We regularly see both Republicans and Democrats complaining that our elections are administered unfairly and poorly. This is a dangerous state of affairs; when the public is not confident about election fairness, something is wrong.
The Arkansas General Assembly should respond in two ways.
First, we should set high standards for fairness in the drawing of districts. There are currently no formal rules that prevent those who draw election districts from favoring one candidate over others. The current redistricting process regularly produces angry claims about bias; sometimes it produces lawsuits.
The best way to reduce the influence of politics over redistricting is to remove it from elected officials' hands. Instead of giving the job to elected officials, the redistricting process should be changed to require the appointment of neutral personnel to a redistricting commission.
The resulting commission could then draw district lines in accordance with neutral rules and values, such as population equality, respect for geographical and political divisions (such as rivers and city or county lines), and compactness. Those recently involved in politics would be barred from appointment to the commission, and appointees would be barred from involvement in politics in the next two years. Notably, the commission could not take political factors into account, such as how the new lines would affect incumbents or any partisan data.
In the past, several members of the Arkansas Legislature (including me) have introduced a constitutional amendment that would have accomplished these goals. Those proposals have preserved the structure of the current redistricting process by requiring state-level constitutional officers to appoint the commission members.
Putting aside the benefits of reducing corruption or the appearance of corruption, another benefit from ending elected officials' involvement in redistricting is that it frees up their time to focus on more important matters. The next round of redistricting is almost a decade away, and so 2023 would be the perfect time to pass these reforms.
Second, the General Assembly should also establish instant runoff voting in primaries. This method of voting allows for a more accurate measurement of voter sentiment. It allows voters to make simultaneous choices for primary elections and for runoff elections.
Under instant runoff voting, voters use ballots that allow them to express their choices in more detail than customary primary and runoff ballots do. When a primary election contains more than two candidates running for a seat, voters would rank the candidates on their ballots: that is, the primary election voter will mark the most-favored candidate with a "1", the second-most-favored candidate with a "2", and so forth.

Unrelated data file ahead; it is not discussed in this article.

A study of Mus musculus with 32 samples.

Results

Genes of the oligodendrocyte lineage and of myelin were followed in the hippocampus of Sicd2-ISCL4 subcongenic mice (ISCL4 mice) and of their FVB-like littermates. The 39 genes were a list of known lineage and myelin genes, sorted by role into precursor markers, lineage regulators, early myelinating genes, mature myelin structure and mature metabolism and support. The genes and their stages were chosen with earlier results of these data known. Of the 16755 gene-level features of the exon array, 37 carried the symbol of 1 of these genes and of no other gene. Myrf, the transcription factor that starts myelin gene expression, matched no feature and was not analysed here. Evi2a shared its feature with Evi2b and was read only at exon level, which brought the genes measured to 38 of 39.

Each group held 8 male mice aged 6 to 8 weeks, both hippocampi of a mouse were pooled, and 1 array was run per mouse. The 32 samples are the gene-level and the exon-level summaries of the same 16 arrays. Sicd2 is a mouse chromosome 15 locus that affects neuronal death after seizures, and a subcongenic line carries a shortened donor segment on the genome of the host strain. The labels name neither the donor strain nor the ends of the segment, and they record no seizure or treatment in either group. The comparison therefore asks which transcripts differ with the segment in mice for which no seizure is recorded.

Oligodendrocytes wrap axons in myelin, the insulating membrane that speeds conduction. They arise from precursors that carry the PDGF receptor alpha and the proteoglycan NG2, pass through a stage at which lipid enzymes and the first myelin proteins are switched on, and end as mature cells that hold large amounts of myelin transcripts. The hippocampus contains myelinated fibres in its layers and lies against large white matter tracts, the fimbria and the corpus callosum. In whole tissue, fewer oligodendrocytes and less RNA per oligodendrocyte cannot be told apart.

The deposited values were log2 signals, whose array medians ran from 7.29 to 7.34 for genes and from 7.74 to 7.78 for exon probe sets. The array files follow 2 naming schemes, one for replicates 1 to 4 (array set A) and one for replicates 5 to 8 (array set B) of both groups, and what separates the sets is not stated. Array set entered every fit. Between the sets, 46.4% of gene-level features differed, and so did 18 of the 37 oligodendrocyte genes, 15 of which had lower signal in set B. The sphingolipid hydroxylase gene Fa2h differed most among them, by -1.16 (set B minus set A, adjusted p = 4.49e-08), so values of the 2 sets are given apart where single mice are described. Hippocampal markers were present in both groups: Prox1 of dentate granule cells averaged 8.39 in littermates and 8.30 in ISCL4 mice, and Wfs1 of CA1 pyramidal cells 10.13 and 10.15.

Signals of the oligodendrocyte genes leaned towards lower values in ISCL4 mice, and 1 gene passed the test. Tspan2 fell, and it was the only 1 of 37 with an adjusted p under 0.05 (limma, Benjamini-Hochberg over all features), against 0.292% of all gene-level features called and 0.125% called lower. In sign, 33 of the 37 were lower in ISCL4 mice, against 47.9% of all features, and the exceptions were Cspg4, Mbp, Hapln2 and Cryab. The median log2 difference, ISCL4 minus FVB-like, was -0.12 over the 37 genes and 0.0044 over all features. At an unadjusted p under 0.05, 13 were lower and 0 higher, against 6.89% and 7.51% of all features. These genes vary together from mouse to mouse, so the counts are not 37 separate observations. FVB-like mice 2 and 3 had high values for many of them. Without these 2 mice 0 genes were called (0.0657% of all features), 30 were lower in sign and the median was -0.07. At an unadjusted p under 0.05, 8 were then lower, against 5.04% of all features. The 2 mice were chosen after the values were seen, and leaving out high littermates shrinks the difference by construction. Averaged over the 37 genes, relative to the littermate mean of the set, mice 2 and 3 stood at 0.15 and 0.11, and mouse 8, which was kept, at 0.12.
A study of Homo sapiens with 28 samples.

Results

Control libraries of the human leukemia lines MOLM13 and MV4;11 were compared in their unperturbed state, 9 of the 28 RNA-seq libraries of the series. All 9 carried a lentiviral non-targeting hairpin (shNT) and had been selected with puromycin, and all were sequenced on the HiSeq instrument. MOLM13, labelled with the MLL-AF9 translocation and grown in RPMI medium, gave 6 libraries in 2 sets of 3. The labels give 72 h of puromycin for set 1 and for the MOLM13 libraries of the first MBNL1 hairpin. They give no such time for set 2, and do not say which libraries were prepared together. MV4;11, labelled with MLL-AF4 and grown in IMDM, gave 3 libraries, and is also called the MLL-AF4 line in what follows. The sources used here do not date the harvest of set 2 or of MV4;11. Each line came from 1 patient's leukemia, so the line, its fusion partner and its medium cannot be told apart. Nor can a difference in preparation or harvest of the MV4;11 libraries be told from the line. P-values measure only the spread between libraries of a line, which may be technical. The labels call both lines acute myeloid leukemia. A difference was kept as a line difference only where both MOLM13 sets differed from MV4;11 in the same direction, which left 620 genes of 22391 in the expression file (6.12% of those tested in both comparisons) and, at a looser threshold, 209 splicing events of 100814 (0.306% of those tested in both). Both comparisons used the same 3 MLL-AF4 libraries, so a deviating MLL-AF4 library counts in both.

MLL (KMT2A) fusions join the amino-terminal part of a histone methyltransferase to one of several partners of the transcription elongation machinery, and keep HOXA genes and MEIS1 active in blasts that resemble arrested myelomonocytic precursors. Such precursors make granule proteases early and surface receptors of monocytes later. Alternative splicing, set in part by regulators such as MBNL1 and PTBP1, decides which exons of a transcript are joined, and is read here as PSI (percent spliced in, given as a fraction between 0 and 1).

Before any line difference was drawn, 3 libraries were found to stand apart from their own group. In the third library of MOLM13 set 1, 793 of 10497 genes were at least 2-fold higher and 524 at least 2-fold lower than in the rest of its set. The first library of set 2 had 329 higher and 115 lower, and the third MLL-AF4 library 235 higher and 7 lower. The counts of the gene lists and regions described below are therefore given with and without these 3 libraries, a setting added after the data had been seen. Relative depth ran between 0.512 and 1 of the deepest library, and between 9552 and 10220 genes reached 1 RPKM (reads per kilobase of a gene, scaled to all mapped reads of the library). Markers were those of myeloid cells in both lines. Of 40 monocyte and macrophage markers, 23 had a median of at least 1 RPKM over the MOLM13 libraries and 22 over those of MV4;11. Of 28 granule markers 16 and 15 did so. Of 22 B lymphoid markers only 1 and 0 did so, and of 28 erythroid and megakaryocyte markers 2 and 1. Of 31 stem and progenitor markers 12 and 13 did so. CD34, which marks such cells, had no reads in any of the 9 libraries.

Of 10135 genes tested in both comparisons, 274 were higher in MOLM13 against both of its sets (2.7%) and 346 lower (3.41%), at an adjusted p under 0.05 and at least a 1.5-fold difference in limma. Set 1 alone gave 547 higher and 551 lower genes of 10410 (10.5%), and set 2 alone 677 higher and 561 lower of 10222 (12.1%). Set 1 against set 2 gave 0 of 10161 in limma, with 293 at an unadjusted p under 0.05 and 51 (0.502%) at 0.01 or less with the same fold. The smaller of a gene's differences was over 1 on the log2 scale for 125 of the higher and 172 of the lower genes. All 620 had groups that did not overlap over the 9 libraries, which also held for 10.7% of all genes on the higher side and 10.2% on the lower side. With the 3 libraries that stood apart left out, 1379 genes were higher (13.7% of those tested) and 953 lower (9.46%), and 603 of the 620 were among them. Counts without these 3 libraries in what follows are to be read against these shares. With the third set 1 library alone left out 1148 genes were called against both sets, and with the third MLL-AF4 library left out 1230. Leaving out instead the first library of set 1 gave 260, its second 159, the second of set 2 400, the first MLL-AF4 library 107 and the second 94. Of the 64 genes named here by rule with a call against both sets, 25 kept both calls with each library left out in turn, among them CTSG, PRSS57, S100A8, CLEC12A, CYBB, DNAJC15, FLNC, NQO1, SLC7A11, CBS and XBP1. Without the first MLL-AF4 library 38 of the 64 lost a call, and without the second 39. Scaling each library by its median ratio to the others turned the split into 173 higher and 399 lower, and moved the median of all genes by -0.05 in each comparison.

Allowing voters to express this additional information on their ballot makes runoff elections unnecessary: that is, voters only have to cast one ballot in order to choose party nominees. In effect, the use of such ballots allows primary and runoff elections to be conducted almost simultaneously.
Because this reform allows the combining of primary and runoff elections, it would save at least $1 million of taxpayer money every election year. Notably, we already have this system in place for overseas members of the military.
Besides budget savings and better measurement of voter choices, instant runoff voting would also improve the tone of elections. It is commonplace to see more negative campaigning in runoff elections than in primary elections: the head-to-head nature of runoff elections tends to produce attacks that are intended to dampen the political support that the opposing candidate receives.
In contrast, the nature of instant runoff voting discourages negative campaigning. Candidates who run down their rivals will risk alienating that candidate's supporters. Under instant runoff voting, candidates are more likely to discuss the merits of their own candidacies than to attack their rivals.
If we wrote the above two reforms into law, it would have all sorts of positive effects.
A recent Arkansas Poll revealed that many Arkansas residents are dissatisfied with the professionalism and integrity of their state government. Nearly half of Arkansans believe that substantial parts of their own government are doing a mediocre job--or worse.
Addressing the distrust and cynicism with which many Arkansans view their elected officials is imperative. Making campaigns and elections more fair, more neutral, and more positive would be a good way to help restore that trust.
Dan Greenberg is a former member of the state House of Representatives and the author of the Advance Arkansas Institute's forthcoming study "How to Protect Elections in Arkansas."